It’s not a code for something dirty, I swear. Well, it was dirty but not in the good kind. Today I helped my mother, brother and friend of the family, cut a cow we had butchered a week ago.
After dry aging for the week, we cut it down into tasty bits and pieces to be enjoyed at later dates. Think of it as supermarket to the extreme. When we got to the garage turned butcher shop (that’s right, that’s how we roll) there were four very large sections (quarters) hanging from what I can only imagine was a requisitioned swing set.
For three and a half hours we cut and wrapped the meat. The thing is, this was not an entirely new experience for me. In high school, I worked at a small grocery store in town. It was this great old grocery with pink and white check patterned floors and isle signs the owner had put up when he opened in 1954. I was a check-out girl. All the girls were check-out girls, and all the boys were stock boys. A boy couldn’t check you out and a girl couldn’t stock shelves, that would just be wrong.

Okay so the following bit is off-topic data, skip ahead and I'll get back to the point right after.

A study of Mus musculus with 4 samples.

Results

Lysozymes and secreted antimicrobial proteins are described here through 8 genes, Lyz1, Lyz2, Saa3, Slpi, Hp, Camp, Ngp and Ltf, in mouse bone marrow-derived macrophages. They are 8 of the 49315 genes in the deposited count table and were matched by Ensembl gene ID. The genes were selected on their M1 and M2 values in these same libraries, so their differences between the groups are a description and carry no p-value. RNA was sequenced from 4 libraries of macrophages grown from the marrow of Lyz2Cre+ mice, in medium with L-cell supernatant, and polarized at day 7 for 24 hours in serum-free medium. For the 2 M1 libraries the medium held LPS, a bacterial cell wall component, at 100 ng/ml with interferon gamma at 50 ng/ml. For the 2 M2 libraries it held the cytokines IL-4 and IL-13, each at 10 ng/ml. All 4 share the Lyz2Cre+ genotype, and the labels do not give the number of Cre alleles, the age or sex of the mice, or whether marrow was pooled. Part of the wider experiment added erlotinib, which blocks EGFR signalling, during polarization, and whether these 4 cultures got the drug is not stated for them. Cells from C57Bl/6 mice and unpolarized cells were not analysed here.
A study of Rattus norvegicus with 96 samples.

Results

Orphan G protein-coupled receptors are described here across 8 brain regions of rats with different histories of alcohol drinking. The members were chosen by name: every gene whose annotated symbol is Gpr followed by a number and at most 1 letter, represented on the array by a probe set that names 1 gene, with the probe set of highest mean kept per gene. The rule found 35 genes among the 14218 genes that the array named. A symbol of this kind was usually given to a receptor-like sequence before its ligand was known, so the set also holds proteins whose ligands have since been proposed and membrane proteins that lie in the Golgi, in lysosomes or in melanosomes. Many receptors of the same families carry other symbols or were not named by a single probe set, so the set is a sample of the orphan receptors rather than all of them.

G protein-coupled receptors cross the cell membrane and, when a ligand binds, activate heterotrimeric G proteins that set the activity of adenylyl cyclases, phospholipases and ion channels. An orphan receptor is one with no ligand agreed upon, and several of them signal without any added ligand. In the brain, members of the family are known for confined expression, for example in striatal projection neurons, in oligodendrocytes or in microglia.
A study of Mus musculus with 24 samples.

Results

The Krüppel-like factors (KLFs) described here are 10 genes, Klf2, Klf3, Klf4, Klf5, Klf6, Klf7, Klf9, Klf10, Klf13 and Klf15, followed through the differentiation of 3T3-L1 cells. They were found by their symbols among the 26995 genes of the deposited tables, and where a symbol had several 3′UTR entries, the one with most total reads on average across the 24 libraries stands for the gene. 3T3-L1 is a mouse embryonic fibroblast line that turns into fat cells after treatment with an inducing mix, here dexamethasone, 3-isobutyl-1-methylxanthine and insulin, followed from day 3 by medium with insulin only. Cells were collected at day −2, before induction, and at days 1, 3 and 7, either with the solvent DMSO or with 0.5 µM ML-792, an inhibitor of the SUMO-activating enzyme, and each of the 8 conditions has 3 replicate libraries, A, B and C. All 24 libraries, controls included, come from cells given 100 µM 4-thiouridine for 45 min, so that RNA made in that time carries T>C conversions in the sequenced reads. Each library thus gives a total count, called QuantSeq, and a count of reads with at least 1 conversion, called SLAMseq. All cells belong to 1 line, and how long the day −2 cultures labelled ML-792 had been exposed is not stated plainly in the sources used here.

After a few years I moved up to meat room. I don’t know if it was because I deserved it or if I was one of the only people who could handle the butchers, Big John and Little John a father and son duo who were both rather…odd. Little John wasn’t quite normal, he had a way of looking at you that made you squirm. Big John was a war veteran who had a very distinct view of the world. Conversation was never lacking.
I thought of the two today as we were wrapping the meat. I remembered how Big John would smoke a cigarette as he worked. It would burn down and down and down, I’m sure there were quite a few burgers in Huntington that had a little something special in the mix.
Big John passed away a long time ago and Little John, I have no idea. Regardless, I wish the two John’s well. I will always remember them and their quirky personalities.